I’ve been noticing that we’ve got several people either currently learning a language or thinking about starting to learn a language, both formally and informally. Learning a language without formal classes can be tricky, and keeping it fun and staying motivated can be hard. So as someone who’s been on the language journey for 15ish years now, I figured it might be nice to have a place to share resources and encourage each other!
So to kick it off: My native language is English (American), and I also speak Chinese (Mandarin). I’m tryin’ my best to learn French, and I’ll do an occasional lesson of Gaelic too. For each of these languages, I have differing levels of resource suggestions…so:
Starting with Gaelic: Duolingo (I know…groundbreaking)! This one is tricky because I don’t know anyone personally that speaks it and I don’t think there are any resources in the language department here. I did a project on Gaelic way way waaaaay back in middle school, where I looked at textbooks and dictionaries for words, grammar, and basic pronounciation. It’s a little better now with Duolingo, but I find the lessons on the app a bit sparse in the features that would be most helpful. There isn’t audio for all of the words in the lessons, and I find that I don’t predict the pronounciations very well yet. Also, I’m pretty sure there’s no speaking questions yet, so I’m sure my accent is trash. I keep hoping they bulk this out a little more on the app, but for now that’s the situation.
French: I started self-studying French to prepare for a trip in 2016. Initially, I started with a textbook, but at the time I really needed to be able to build my listening comprehension quickly so…surprise, more Duolingo! This course is pretty built up, with a more complete audio library and speaking questions. I’ve used Duolingo on and off since then, but I’ve also branched out to other media. I listen to music in French occasionally, and it’s pretty easy to find YouTube videos in French. In particular, I love Shut Up and Go - they primarily do content in English, but will do videos in any language they’re learning (so far I think that covers Spanish, Portuguese, Greek, and maybe German?). I also have a friend who speaks French who will
overwhelm me with write to me in French every once and a while. I’ve also picked up a couple books/magazines at different difficulty levels to start reading.
Chinese: The big one! And also the only one that I’ve had formal language classes for! I’ve had textbooks from probably 5 different publishers and I’ve figured some things out about what to look for in a textbook if you’re self-studying.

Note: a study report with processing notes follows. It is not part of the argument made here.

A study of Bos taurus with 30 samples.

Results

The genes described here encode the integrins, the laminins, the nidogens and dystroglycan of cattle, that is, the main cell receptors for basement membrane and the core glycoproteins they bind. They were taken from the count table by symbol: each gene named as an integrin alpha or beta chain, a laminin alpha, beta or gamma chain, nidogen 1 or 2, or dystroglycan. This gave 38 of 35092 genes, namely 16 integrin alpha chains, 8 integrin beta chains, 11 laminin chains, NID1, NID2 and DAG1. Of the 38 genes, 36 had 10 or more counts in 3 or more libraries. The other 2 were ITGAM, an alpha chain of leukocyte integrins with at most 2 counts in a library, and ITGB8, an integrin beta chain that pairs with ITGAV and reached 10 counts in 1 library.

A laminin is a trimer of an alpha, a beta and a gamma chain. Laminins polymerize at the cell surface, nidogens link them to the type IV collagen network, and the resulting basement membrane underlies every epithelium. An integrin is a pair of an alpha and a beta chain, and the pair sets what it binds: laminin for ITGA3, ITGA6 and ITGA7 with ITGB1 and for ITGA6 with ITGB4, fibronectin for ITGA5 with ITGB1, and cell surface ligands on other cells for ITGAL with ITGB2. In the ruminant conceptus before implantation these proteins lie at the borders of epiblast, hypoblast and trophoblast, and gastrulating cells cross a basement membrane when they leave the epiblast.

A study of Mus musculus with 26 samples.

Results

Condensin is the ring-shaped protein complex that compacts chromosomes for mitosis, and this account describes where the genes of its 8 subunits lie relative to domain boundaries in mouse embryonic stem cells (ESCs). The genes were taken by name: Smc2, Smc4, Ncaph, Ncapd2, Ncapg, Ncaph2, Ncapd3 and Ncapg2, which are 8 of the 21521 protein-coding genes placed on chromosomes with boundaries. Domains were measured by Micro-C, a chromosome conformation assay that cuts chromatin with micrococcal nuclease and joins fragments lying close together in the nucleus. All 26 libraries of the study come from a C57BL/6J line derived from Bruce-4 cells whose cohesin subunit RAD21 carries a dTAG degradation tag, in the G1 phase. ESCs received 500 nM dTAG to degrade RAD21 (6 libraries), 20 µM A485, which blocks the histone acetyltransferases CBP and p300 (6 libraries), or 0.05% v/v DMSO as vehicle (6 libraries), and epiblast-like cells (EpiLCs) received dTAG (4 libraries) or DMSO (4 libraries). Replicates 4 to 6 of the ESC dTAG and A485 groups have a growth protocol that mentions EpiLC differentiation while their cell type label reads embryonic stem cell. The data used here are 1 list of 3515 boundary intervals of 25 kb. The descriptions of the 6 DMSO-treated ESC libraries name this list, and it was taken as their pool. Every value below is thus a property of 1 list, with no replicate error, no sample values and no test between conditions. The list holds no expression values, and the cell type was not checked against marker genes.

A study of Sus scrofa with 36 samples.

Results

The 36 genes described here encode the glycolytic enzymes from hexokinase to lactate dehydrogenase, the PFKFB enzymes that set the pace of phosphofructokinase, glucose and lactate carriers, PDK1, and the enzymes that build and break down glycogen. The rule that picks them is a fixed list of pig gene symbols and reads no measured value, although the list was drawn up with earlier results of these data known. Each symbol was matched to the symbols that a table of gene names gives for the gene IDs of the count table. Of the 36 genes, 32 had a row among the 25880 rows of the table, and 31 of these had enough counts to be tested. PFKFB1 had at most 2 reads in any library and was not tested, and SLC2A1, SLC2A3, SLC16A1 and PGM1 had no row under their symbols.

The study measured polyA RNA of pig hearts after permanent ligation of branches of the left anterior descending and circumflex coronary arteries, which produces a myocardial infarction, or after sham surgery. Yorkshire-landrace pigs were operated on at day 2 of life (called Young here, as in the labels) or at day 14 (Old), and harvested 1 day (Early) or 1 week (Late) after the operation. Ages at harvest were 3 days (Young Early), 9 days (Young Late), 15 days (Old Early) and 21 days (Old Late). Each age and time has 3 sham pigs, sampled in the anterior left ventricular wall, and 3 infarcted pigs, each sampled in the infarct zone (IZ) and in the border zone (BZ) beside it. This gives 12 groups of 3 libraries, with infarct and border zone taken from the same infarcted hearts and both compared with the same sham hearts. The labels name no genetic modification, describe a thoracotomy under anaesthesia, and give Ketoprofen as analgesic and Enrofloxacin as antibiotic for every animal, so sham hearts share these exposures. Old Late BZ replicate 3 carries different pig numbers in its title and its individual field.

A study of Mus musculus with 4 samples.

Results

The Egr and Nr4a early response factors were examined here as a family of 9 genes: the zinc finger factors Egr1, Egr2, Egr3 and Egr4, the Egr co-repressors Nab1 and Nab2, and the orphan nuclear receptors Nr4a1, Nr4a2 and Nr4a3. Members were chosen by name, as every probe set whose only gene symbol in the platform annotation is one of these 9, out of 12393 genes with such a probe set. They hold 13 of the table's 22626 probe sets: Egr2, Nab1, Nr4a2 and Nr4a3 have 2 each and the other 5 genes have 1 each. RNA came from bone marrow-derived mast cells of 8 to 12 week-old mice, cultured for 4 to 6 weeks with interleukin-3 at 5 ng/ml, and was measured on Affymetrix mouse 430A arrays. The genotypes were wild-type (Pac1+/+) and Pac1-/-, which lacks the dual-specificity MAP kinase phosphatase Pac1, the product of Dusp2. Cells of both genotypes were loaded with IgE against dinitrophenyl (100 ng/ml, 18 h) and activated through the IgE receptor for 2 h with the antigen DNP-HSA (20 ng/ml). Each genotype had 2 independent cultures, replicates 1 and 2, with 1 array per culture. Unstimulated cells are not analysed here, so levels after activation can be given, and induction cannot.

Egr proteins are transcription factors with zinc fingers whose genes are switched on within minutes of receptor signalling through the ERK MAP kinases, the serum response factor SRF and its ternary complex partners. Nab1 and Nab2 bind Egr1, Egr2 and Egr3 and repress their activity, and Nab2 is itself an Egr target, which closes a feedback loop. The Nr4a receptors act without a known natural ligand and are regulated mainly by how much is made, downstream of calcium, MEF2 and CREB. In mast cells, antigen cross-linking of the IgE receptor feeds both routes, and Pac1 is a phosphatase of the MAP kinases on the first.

- Something that comes with a separate workbook! This was standard with every textbook that I was assigned, so maybe that’s just A Thing, but it really helped to have as much practice material as possible
- Textbooks designed to “build fluency” or that have a focus on conversation. I’ve had textbooks that were structured really well for a class but the lessons were on topics that weren’t practical for outside-the-classroom. I’ve also had really fantastic books, where the goal is preparing you to speak with real live native speakers. The topics were more practical and there was more vocabulary included, but we still got to the complex grammar patterns too.
- Something with additional media - audio, documentary/drama clips, etc. I had one textbook where the publisher produced essentially a TV series that followed along with the book. The characters encountered situations that would introduce the new vocabulary naturally, and the grammar patterns would subtly show up as the show progressed. It was really well done and was probably the most helpful tool to build natural language skills.
Other than that, it’s mostly finding ways to get authentic examples of the language. Sometimes I’ll look for news and articles in my target languages, or watch TV shows (with subtitles, but the goal of looking at them as little as possible). I am also a huge advocate for getting real life conversation experience. Look for community centers or university departments that host casual language practice hours and try to make it a part of your schedule. If not, there are language buddy apps where you can send audio messages - I’ve used HelloTalk in the past. It’s a little more hit-or-miss, but it’s better than nothing.
So language learners…what’s worked for you? Do you have tips or books or resources that you swear by?